Tunisia Announces Intention to End Internet Censorship
BY Lisa Goldman | Thursday, September 13 2012
Tunisia is lifting Internet censorship. Information and Communication Minister Mongi Marzoug made the announcement on September 4 at the National Forum of Internet governance.
Under the deposed authoritarian leader President Zine El Abidine Ben Ali, whose ouster in January 2011 triggered the Arab Spring, censorship of the Internet was extensive and draconian. Reporters Without Borders classified Tunisia as an "enemy of the Internet," while local Internet activists nicknamed the censorship Ammar 404, for the "404 Not Found" message they so often received when visiting various news, social media and information sites.
Censorship was eased after the Ben Ali regime was deposed, with access to popular social media platforms like Facebook, Twitter and YouTube as well as popular news sites like Al Jazeera. But some restrictions remained in place.
Minister Marzoug promised "Tunisia will prove to the world that it has truly ended censorship."
But Tunisian cyber activist and President of the Tunisian Pirate Party Sleh Eddine Kchouk expressed considerable skepticism in response to the minister's announcement.
“Tunisia has always embraced advanced technologies when it comes to the virtual world, in theory. But in practice, it’s completely different,” he stated. Kchouk expressed dissatisfaction with continuous internet monitoring by the government and believes that the old practices of ousted president Zine el-Abidine Ben Ali are still persistent.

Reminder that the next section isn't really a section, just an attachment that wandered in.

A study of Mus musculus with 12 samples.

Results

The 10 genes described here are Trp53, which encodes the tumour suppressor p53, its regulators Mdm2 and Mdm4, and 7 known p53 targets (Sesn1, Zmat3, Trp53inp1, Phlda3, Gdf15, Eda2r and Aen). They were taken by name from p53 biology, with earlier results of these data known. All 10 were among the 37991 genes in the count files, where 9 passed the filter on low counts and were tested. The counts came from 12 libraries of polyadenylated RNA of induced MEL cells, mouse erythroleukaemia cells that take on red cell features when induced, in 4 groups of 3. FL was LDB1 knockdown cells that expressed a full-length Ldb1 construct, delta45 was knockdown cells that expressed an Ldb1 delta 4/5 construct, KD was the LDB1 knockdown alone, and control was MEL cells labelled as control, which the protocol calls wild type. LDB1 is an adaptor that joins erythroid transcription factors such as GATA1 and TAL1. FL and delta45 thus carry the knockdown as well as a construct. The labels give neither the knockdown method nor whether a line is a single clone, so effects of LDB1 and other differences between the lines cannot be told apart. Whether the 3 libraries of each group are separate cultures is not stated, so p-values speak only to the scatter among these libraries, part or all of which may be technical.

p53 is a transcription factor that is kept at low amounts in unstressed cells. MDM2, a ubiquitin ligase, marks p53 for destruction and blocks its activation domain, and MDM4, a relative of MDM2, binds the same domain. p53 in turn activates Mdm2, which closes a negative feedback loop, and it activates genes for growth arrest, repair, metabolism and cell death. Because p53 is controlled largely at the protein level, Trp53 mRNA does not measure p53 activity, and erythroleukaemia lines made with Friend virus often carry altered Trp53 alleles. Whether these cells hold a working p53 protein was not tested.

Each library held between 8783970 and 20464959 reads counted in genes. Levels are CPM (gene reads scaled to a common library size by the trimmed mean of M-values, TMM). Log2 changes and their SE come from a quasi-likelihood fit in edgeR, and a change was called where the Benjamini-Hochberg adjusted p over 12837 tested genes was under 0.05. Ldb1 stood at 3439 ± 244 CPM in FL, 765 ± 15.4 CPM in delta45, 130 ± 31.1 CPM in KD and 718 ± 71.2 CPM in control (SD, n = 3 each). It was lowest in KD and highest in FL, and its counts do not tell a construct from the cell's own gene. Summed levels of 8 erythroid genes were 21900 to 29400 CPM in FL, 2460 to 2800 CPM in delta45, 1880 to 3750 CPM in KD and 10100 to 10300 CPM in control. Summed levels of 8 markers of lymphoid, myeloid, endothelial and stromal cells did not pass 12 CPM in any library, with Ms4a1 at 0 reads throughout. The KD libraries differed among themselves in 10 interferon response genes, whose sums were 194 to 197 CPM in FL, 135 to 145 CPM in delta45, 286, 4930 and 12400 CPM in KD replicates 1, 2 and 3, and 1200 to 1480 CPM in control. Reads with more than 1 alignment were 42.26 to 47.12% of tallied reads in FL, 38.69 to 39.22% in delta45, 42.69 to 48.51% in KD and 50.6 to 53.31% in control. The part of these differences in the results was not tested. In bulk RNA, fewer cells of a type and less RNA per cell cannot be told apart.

Update: Khaled Koubaa, Policy Manager North Africa at Google, adds that he sees "positive signs" coming from the government.
One of the key positive sign is the National Internet Governance Forum (IGF) to be organized next year. But to be sure that we will really "end" Internet censorship in Tunisia we will need is to organize this National IGF in a multi-stakeholder way which will help to have a real discussion on key policy change in the actual Internet policies. The big challenge will be to put in place an open and participatory policy making process that will govern the Internet in Tunisia so the ecosystem will naturally reject any tentative of censor back the network. Combatting the censorship should be at the policy and standards level not only at content level. A policy that prohibit usage of a technical standard (like VoIP for example ) is simply censoring the right of users to use the technology to express themselves.